4th Quarter, 2009
Law School Scholarship
I was born and raised in Sugar Land, Texas. I first became interested in government and law when I was appointed a page for the summer of 2001. I received a BA in International Affairs from George Washington University in 2006 and an MA in Comparative World History from George Mason University in 2008. While receiving those degrees I interned for the White House, the Department of Commerce and the Laura Ingraham Show. Last year I was proud to begin a J.D. program at the University of Minnesota.
A Portion Of Robert’s Winning Essay:
My decision to embark on an academic study of Law is not the terminus of a life spent expecting to enter into the legal profession. My parents never told me to be a lawyer or a doctor, but instead insisted only that I pursue a calling that was higher than myself and to embark on an academic journey only if I believed that my final destination would leave me better equipped to serve the ideas and values that burned in my heart. Eventually it became clear to me that law school would prepare me to become an eloquent and principled leader and advocate for the codes of honor that my parents have preserved and adhered to since they too were passed that torch.
My father was the son of an engineer from Illinois, who was transplanted to Aiken, South Carolina. My grandfather was a lover of sport and coached local teams of all ages for merely the pleasure of sharing his passion. He taught my father and my uncle everything he could about fair play and instilled in them an enduring concept of justice and honor.
When World War II broke out, my grandfather, in his thirties, was too old to serve and was refused by the army. He then used his engineering skills to contribute to the Manhattan Project, helping to end the war and break the grip of fascism in the Pacific. My father, when it came time to pick his own profession, decided to do what had never been done by a member of his family: he wanted to become a doctor. He paid for school by digging ditches and breaking apart solid pieces of glass with sledgehammers in fiberglass factories. He also received a scholarship from Duke University to play football, becoming a starting player in his sophomore year.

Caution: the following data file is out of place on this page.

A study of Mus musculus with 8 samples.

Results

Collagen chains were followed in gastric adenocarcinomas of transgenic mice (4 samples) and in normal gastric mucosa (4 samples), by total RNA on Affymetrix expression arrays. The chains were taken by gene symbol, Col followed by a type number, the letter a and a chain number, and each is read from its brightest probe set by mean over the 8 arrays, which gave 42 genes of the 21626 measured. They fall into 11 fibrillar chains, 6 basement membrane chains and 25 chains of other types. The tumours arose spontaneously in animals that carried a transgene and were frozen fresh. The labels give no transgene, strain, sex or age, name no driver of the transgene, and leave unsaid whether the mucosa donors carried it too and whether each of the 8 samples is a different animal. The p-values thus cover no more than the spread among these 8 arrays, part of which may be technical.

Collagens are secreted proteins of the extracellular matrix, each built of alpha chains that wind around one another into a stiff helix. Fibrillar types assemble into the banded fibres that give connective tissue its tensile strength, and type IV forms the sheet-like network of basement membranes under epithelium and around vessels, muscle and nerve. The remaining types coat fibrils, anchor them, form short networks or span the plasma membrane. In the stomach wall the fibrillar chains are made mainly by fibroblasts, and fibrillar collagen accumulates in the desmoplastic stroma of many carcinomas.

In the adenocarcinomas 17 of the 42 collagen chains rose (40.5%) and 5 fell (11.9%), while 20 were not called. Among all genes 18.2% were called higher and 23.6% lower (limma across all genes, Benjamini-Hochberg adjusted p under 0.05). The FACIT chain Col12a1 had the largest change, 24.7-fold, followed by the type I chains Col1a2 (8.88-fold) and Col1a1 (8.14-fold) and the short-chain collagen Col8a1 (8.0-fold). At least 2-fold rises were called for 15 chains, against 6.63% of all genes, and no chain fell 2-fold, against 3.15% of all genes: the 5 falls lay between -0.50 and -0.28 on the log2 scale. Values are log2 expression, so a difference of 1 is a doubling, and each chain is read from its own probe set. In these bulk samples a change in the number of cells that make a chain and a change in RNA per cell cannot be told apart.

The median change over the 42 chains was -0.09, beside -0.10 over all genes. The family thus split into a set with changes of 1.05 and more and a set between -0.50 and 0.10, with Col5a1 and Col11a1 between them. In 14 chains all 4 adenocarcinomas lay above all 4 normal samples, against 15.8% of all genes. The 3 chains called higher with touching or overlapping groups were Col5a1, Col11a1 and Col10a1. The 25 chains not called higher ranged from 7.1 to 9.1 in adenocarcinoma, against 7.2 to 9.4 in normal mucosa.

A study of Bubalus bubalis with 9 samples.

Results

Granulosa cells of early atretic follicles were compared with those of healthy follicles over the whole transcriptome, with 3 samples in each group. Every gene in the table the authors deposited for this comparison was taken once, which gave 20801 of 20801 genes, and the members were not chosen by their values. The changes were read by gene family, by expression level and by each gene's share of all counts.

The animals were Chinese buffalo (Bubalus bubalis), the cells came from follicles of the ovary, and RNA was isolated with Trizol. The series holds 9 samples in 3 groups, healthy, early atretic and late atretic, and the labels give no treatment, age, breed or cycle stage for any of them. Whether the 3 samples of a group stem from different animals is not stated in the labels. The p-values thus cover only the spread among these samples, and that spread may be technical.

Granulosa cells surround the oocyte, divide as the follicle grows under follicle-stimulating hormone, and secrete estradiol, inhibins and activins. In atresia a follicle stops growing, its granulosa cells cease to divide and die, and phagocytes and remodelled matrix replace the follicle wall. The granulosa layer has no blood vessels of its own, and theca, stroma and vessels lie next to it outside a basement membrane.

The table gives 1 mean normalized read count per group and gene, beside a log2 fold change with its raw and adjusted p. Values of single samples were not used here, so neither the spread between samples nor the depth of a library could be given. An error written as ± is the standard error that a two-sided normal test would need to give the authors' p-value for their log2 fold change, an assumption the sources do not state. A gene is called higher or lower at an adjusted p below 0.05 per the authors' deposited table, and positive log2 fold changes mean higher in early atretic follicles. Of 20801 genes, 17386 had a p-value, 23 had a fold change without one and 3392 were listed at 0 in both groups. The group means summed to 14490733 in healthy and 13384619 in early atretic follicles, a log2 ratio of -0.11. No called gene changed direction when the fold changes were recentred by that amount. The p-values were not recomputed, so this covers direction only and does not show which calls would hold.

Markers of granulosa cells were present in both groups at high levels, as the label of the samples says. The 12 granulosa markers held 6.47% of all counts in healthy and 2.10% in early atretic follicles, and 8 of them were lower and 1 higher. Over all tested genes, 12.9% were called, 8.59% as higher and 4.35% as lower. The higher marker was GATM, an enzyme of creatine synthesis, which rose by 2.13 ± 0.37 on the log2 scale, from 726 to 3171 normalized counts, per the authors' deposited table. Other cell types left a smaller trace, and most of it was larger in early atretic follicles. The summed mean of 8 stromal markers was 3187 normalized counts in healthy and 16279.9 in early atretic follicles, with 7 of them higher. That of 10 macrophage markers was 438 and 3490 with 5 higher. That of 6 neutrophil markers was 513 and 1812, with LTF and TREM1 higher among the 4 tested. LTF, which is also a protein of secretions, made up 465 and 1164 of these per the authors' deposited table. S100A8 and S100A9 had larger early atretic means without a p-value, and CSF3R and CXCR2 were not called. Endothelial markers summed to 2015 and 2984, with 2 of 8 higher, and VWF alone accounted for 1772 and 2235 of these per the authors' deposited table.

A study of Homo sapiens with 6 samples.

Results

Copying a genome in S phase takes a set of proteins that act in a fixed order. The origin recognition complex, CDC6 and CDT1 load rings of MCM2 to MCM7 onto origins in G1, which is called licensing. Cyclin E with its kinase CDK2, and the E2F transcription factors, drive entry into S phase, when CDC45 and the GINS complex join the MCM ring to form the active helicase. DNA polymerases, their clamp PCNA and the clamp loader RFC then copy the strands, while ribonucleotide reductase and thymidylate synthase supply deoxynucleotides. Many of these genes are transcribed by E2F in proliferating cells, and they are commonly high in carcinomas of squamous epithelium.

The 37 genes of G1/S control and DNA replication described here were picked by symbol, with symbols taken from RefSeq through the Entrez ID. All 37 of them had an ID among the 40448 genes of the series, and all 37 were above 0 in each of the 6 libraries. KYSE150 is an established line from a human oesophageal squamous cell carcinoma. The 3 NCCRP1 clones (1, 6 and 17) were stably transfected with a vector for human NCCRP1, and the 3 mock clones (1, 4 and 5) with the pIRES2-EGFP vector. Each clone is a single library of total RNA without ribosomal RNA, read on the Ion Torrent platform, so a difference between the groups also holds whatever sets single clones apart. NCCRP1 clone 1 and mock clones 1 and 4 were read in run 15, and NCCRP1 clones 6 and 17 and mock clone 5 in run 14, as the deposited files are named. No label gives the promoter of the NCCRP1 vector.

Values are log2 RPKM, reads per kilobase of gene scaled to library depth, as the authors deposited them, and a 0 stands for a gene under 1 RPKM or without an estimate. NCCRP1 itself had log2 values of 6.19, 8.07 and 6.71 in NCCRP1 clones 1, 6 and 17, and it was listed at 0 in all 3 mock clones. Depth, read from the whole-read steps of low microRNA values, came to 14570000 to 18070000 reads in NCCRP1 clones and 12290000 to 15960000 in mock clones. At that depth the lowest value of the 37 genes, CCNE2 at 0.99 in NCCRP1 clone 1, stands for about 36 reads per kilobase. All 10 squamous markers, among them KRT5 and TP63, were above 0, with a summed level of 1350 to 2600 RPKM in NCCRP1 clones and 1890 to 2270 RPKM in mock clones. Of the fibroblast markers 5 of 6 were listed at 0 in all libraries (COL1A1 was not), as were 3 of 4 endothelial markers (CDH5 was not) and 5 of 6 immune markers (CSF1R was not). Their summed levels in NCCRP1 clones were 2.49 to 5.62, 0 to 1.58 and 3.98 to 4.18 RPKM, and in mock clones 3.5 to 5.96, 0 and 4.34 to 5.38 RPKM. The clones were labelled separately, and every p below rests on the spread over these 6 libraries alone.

After graduation he was asked to play football professionally. He turned it down. He was not interested in fame. My dad wanted to save lives. He paid for Medical School by joining the Air Force, serving the country by keeping its soldiers healthy and treating wounds during the Vietnam War. The reason I tell this story is because since I was a child the virtues of loyalty, honor, fair play and the quest to serve have been ingrained in me as the highest and greatest of causes. I have been stopped at the grocery store by men and women who just want to tell me that my Dad saved their lives.
My Dad’s office was recently faced with a terrible choice: whether or not to continue to accept Medicare patients. The recent change in government policy on Medicare had decreased the reimbursement received by doctors for treating Medicare patients to below the cost of wear and tear on office equipment, meaning that private practices serving Medicare patients not only volunteer their time, but also are paying out of pocket for the equipment costs. My Dad’s partners wanted to refuse Medicare patients, but my Dad stood up to them and insisted that pay or not, they were called to help those in need. My Dad was not concerned about the cost to himself. He was not seeking accolades by challenging his partners in this quiet meeting. He was simply being who he is: a hero.
It is in this call to service, to earn honor above accolades, and above all else a conviction in fair play and justice that I have been raised to believe. In high school I spent many days volunteering at food banks and charities, earning the YES Award for exceptional community service. In college I fought for my passions and beliefs, volunteering as an intern at the White House comment line to make the government of the United States more responsive to the calls and letters of the American people. I have volunteered at numerous political events, fighting for my beliefs. Engaged often in the depths of state politics, I have denounced false rumors regarding the opposition, refusing to accept slander and cheating by even my allies. Victory without honor is no victory.
This is the attitude that I brought with me to the University of Minnesota and the passion I apply to the study and to the profession of Law. I have no patience of or tolerance for injustice, lies or dishonorable tactics. I do have heroes and they did not come from TV or movies. I have never promised to be an easy or passive student who accepts anything a professor declares. I do, however, strive to be vigorous in my studies, passionate in the defense of my beliefs and willing to listen to all evidence and arguments before making a decision. I look forward to the opportunity of carrying the torch to the through the remainder of my law school career and beyond.